If the Republican Party really longed for power, the Democratic Party never would have survived the ’70s.
At least that’s my takeaway from this book about the political views of some very liberal groups – Jews and Italians – in a New York neighborhood that was . . . becoming more diverse.
Canarsie grew in the years before 1972, as whites from other areas of Brooklyn fled Puerto Rican and black immigration. By the time many of these new whites arrived in Canarsie, they had already fled Brownsville and Flatbush. In the early ’70s, inflation rates effectively prevented these white from fleeing again. At the same time, black immigration to Canarsie increased and school boards began mandating busing.
The book is about what happens when blacks move into a marginal (lower-middle class) white neighborhood. The book is particularly interesting because it’s not about a Southern town and the reactions of it’s border-line slaving-owning and obviously racist white population to forced desegregation. It’s about the reaction to the same forces of a population in a section of progressive city of marginal whites that just happens to be a very progressive group.
The result is about the same as the result of desegregating a less progressive city: “In the fall of 1972, after an integration-minded school board ordered Canarsie to take into its schools a few dozen black children from Brownsville, the residents moved quickly to secure the borders . . . A white boycott of the schools kept ten thousand children from their lessons for a week. A few housewives . . . lobbed rocks at school buses.”
Eventually interest rates fell and the obvious results finally happened. Wikipedia notes that “During the 1990s, much of Canarsie’s white population left for Staten Island, Long Island, and Queens” and that:
Canarsie is home to two high-school campuses, Canarsie Educational Campus and South Shore, and several junior high schools and elementary schools. In late fall 2006, Mayor Michael Bloomberg announced that five troubled high schools would close by 2010. Among those five were Canarsie’s South Shore and Canarsie High School. According to Melody Meyer, a DOE spokesperson, the closing is attributed to “dismal graduation rates, consistent low test scores, a poor history of educating, low performing students, and lackluster demand.”
With the whites safely on Long Island – and were therefore able to criticize other’s for being racist again – things could go back to normal. But the intervening period was illuminating.
Surprisingly, even the super-progressive Jews of Brooklyn found that “the seamy aspects of ghetto life were so vivid that they overwhelmed the ability of whites to note all the other aspects that did not conform to stereotypes.” Like the super-cheapness of the chalupas!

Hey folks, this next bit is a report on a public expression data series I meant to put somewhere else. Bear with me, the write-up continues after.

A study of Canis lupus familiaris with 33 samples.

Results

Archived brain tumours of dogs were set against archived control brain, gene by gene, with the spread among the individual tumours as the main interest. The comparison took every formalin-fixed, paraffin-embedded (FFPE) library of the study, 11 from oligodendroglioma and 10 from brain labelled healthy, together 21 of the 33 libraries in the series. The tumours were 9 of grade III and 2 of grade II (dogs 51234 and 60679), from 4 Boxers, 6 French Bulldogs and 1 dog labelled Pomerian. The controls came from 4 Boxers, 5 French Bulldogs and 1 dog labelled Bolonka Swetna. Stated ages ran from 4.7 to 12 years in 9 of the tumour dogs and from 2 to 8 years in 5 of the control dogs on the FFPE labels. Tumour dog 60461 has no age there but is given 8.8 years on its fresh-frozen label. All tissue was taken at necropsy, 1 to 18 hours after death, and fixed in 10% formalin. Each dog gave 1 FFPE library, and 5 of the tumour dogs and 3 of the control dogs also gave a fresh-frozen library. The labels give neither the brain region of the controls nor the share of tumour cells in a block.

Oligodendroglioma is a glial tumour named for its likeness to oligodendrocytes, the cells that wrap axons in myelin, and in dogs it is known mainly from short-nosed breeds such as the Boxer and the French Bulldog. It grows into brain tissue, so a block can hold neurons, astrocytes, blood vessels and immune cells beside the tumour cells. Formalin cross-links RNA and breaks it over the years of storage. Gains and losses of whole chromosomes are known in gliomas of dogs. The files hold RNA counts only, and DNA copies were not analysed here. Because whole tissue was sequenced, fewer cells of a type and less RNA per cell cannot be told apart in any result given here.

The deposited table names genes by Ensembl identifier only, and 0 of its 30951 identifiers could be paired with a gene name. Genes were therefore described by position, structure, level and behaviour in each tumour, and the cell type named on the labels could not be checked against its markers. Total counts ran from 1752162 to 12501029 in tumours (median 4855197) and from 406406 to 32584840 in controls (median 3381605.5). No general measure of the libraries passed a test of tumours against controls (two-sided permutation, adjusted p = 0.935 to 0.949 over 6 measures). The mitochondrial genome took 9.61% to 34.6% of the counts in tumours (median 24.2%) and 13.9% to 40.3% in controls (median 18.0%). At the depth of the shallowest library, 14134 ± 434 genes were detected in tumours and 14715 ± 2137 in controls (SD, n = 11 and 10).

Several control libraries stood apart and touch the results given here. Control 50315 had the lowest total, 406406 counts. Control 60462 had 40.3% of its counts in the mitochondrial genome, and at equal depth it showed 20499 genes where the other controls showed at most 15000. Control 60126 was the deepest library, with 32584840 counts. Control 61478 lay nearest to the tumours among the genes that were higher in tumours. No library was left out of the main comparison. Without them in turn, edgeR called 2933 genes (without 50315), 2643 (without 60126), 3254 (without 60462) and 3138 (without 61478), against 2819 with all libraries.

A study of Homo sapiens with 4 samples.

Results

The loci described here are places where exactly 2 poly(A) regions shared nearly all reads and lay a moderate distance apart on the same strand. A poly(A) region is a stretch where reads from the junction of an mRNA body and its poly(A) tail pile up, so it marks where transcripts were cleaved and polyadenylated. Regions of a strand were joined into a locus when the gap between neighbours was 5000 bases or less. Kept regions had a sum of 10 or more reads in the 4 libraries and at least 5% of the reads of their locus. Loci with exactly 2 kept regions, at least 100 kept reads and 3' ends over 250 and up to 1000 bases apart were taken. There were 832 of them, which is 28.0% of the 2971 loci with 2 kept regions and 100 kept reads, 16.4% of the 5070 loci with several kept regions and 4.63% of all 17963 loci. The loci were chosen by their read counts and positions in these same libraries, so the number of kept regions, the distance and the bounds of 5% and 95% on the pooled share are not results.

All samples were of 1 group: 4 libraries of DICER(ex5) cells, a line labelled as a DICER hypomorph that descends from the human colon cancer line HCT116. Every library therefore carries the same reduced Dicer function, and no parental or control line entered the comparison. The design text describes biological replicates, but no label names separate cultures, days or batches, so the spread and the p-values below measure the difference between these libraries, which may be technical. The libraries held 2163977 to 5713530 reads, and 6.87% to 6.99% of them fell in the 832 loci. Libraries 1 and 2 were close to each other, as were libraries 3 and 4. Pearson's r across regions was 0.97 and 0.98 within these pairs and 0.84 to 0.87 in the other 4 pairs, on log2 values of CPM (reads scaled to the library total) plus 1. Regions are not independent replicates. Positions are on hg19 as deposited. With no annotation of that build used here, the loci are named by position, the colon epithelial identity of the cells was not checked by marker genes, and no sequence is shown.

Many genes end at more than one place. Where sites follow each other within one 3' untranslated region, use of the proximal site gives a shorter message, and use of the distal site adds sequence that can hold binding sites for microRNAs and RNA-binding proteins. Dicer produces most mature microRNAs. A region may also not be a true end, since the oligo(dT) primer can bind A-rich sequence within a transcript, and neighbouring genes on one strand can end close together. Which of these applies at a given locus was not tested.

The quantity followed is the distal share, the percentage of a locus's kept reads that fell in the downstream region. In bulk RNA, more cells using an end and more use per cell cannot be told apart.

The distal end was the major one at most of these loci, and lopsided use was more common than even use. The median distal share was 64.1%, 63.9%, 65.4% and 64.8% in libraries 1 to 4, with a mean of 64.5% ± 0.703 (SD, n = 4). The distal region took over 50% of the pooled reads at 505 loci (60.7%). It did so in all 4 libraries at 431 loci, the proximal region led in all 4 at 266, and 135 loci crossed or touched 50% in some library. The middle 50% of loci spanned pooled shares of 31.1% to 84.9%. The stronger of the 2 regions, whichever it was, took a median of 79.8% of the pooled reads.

As crime rates skyrocketed, “people’s homes [become] their prisons.” Historically safe main streets were deserted. The stories of crime that some people were subjected to are truly awful.
These marginal white became angry at the benefits that blacks were receiving. “Gradually the perception had spread among the people of Canarsie that they were being asked to atone for some unconfirmed wrong.” Many of Canarsie’s whites had been on welfare. One man tells his story:
Years ago my father died and left my mother with eight children. We went on welfare and we were visited by a welfare worker at our home periodically to see if my mother was buying foolishly . . . We weren’t allowed a telephone or linoleum. We had to ask. You need these controls on public funds. When my older sister got a job after she graduated . . . they reduced the welfare. And when my second sister went to work, we went off welfare.
The visits had stopped by this point. People just got money and were free to do with it as they pleased. If family members got job, the checks kept coming. The whole notion of family – which basically defined the white communities of Canarsie, particularly the Italians – began to disappear.
The book is also interesting because the Jews and Italians had very different reactions. Both groups were upset, but the Italians fought back. The Jews were content to let the Italians fight, but the Jews quickly started recruiting whites (especially Eastern-European immigrants).
It became clear to everyone that there weren’t enough whites to go around. So schools started competing aggressively for whites. Some even instituted Russian language programs to increase white enrollment.
From a political standpoint, this should have been the end of the New Deal coalition. Instead, Republicans never bothered to capitalize on the fact that Democrats were effectively pushing people out of their homes or threatening the safety of their children in school. It’s easy to see why the electoral college map from 1972 looks like this, but it’s hard to understand why it ever stopped looking like that.
(Thanks to Devin for the recommendation).